Saying 'no' is very easy for me. It comes automatically most of the times because I typically need time to absorb things and let a concept settle in a little before I can accept it. Unfortunately, this means I'm not the world's most spontaneous person. I also know I'm missing out on a lot of fun. So much fun passing me by as I contemplate the possibilities. However, every once in a while I surprise myself. Last summer, was one of those rare occasions--thank God.
Last summer, everything started changing at once. My (ex)husband and I separated, we filed for divorce and everything that I had worked on for the last eight years was suddenly over for good. Some time in early August, a friend asked if I would consider a roommate as he was thinking of moving to my city and resettling here. My immediate response, literally without thinking, was, "I'm sorry. I can't." I didn't even have a reason for it, I just said 'no'. Despite being the person who tells my friends, 'My home is your home. Always.'. Then, I started thinking about it and justifying why I said 'no': I was scared, too many things were changing, living with a friend would doom the friendship...and really many other perfectly logical reasons that I won't list here. It was the right decision. Except that it wasn't. I called him back the next day and apologized, told him he was welcome to move in after I returned from my trip that my home was his home for as long as he wanted it. And I meant every word I said, despite my fear. The day he showed up on my doorstep may have been one of the better days of my life, even though I didn't know it at the time. I felt like throwing up for the first week and wondered what the hell I was thinking.
I don't know how I appeared, but I slowly started to breathe a little more freely. I occasionally forgot the chaos around me and felt a sense of calm. I started leaving the house socially, with mixed results. I even started trusting again, just a little bit and that felt good. That trust is what had me driving around looking for a bunch of paddle boarders on a Saturday morning. One of his friends had recommended a paddle boarding demo on the Bay that we could try for free. It made sense for them, they were both surfers. I was a professional couch potato, who typical of my kind would sink to the bottom of large bodies of water. But there was that one time I said 'yes', and it had worked out okay and I had started trusting with no significant calamity, which was why I was driving around nervously looking for something I had never seen before. Eventually we found the paddle boarders. People took off and I was left on the shore watching them. I looked down at my feet and realized my toes were curled into the sand, hanging on for dear life. One of the owners noticed me and said, 'You're next.' I protested. I resisted. I eventually said 'yes'. Ten minutes later, I was on a board, paddling out and praying that I wouldn't fall into the bay and drown. Not only did I not drown, but I realized I was breathing again and standing up on a board paddling to the opposite shore with the most overwhelming feeling of joy I had ever felt. I felt radiant. I looked over my left shoulder and saw my friend on a board of his own, grinning at me. When we were on solid ground again, I asked him as casually as I could, 'What if I was this happy all the time? Wouldn't that be insane?!'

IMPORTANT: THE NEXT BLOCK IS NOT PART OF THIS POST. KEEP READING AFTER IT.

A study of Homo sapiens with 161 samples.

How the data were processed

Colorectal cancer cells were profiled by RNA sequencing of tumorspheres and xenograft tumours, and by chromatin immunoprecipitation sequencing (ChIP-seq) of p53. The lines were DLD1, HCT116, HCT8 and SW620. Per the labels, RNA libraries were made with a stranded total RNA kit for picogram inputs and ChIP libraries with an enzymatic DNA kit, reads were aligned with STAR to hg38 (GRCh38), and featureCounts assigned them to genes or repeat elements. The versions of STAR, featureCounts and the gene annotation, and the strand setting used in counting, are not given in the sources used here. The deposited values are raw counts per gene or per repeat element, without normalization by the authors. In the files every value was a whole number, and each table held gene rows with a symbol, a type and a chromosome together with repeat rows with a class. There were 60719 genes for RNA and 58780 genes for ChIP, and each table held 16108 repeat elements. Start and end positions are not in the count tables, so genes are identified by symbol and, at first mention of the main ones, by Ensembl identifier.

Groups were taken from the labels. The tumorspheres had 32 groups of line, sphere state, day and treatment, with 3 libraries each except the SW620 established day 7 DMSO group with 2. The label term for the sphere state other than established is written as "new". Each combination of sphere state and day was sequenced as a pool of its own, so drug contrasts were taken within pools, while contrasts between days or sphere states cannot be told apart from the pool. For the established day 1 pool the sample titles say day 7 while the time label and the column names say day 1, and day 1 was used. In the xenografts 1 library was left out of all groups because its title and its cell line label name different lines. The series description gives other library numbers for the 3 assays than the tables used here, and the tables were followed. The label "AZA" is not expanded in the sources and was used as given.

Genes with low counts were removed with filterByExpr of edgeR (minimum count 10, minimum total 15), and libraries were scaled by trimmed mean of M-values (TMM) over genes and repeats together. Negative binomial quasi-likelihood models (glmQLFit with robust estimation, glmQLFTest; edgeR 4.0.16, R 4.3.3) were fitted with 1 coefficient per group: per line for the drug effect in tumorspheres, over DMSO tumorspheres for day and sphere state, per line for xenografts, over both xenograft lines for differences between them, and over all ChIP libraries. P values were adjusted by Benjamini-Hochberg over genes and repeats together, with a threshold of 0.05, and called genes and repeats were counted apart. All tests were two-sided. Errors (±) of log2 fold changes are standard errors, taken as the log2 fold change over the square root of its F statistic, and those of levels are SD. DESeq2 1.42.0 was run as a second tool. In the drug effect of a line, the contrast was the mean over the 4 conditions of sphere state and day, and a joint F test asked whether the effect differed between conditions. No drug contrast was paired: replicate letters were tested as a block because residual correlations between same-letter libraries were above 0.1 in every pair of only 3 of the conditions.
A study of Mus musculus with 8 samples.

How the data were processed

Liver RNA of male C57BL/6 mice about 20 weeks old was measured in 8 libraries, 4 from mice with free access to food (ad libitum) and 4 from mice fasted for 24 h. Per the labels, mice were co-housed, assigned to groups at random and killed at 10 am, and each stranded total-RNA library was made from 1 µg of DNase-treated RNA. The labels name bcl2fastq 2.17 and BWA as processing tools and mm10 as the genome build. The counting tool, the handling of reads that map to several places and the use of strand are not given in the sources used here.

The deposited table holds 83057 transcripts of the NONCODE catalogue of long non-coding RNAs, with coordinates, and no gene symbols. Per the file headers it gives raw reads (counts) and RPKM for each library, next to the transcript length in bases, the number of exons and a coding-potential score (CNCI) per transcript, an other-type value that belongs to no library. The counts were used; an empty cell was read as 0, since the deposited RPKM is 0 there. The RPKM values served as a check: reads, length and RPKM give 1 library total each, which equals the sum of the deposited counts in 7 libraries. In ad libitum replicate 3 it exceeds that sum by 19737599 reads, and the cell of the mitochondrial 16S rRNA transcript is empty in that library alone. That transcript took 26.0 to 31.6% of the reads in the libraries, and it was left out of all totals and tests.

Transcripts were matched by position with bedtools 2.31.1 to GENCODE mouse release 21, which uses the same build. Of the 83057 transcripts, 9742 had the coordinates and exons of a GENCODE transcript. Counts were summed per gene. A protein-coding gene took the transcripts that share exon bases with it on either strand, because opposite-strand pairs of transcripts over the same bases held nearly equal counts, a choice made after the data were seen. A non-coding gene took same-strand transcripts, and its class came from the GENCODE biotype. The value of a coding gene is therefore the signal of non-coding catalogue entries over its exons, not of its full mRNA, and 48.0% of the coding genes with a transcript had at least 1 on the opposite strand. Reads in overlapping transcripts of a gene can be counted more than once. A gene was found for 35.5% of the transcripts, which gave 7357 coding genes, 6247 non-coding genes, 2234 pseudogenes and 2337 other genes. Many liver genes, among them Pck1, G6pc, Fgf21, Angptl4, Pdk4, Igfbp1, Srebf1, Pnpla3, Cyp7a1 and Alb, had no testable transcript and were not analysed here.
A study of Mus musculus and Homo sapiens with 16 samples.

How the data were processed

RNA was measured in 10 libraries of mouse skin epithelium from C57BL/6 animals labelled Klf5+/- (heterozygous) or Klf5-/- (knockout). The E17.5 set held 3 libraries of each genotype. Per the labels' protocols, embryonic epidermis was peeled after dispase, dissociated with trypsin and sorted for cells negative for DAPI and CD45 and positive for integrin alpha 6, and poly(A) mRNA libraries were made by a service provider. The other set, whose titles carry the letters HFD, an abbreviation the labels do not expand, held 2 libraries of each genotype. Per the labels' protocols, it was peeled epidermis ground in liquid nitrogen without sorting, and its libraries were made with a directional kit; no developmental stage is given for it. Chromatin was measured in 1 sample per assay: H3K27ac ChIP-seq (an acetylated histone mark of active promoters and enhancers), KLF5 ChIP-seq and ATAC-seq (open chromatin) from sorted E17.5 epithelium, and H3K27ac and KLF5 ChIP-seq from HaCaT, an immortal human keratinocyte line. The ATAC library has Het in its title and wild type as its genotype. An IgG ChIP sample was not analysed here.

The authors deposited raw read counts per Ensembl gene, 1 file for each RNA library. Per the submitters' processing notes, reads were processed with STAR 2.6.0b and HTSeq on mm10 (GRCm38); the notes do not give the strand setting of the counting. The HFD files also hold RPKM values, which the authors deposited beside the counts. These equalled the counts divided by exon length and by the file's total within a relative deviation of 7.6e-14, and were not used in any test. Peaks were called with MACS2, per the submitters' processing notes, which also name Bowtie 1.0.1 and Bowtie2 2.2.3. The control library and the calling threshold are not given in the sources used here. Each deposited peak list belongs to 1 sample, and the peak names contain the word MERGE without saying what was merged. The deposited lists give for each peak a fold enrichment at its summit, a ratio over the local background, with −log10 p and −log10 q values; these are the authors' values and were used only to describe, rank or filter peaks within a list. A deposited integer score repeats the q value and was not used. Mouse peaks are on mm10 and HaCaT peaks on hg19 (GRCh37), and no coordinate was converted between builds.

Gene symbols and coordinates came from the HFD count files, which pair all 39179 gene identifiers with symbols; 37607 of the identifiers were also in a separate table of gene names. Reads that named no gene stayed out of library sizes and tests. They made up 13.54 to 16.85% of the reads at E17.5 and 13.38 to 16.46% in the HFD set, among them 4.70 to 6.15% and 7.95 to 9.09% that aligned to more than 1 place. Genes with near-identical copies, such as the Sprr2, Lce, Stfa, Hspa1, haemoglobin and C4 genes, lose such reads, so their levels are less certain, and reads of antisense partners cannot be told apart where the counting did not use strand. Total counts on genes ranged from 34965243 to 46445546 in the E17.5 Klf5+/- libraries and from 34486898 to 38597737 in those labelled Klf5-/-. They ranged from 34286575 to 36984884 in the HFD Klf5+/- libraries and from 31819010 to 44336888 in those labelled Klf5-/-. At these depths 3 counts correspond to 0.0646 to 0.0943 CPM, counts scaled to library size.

As hard as I tried, I couldn't remember the last time I was that happy.
Not long after that, my friend moved away. I continued going to the demos and found myself looking over my shoulder to tell someone who wasn't there how happy I felt. This Spring, I got Lasik, so I wouldn't have to worry about my contacts if I did fall into the Bay. I practiced swimming, just in case I did fall. Once I had the go ahead from my doctor, I bought my own paddle board and started going out on the weekends, enjoying the quiet that came with my new hobby. After a while I was comfortable with my outings and wanted a little more so I tried to take my board into the ocean. The ocean threw the board back at my head. Repeatedly. This inspired me to take surf lessons, which led to my hanging out with a bunch of surfers and going to surfing events, which got me out of the house on a regular basis and brought me joy. An insane amount of joy.
Almost exactly a year ago, I wouldn't have been able to imagine being here and feeling this. I wouldn't have known this feeling at all.
I do now, because of that one time when I said 'yes'.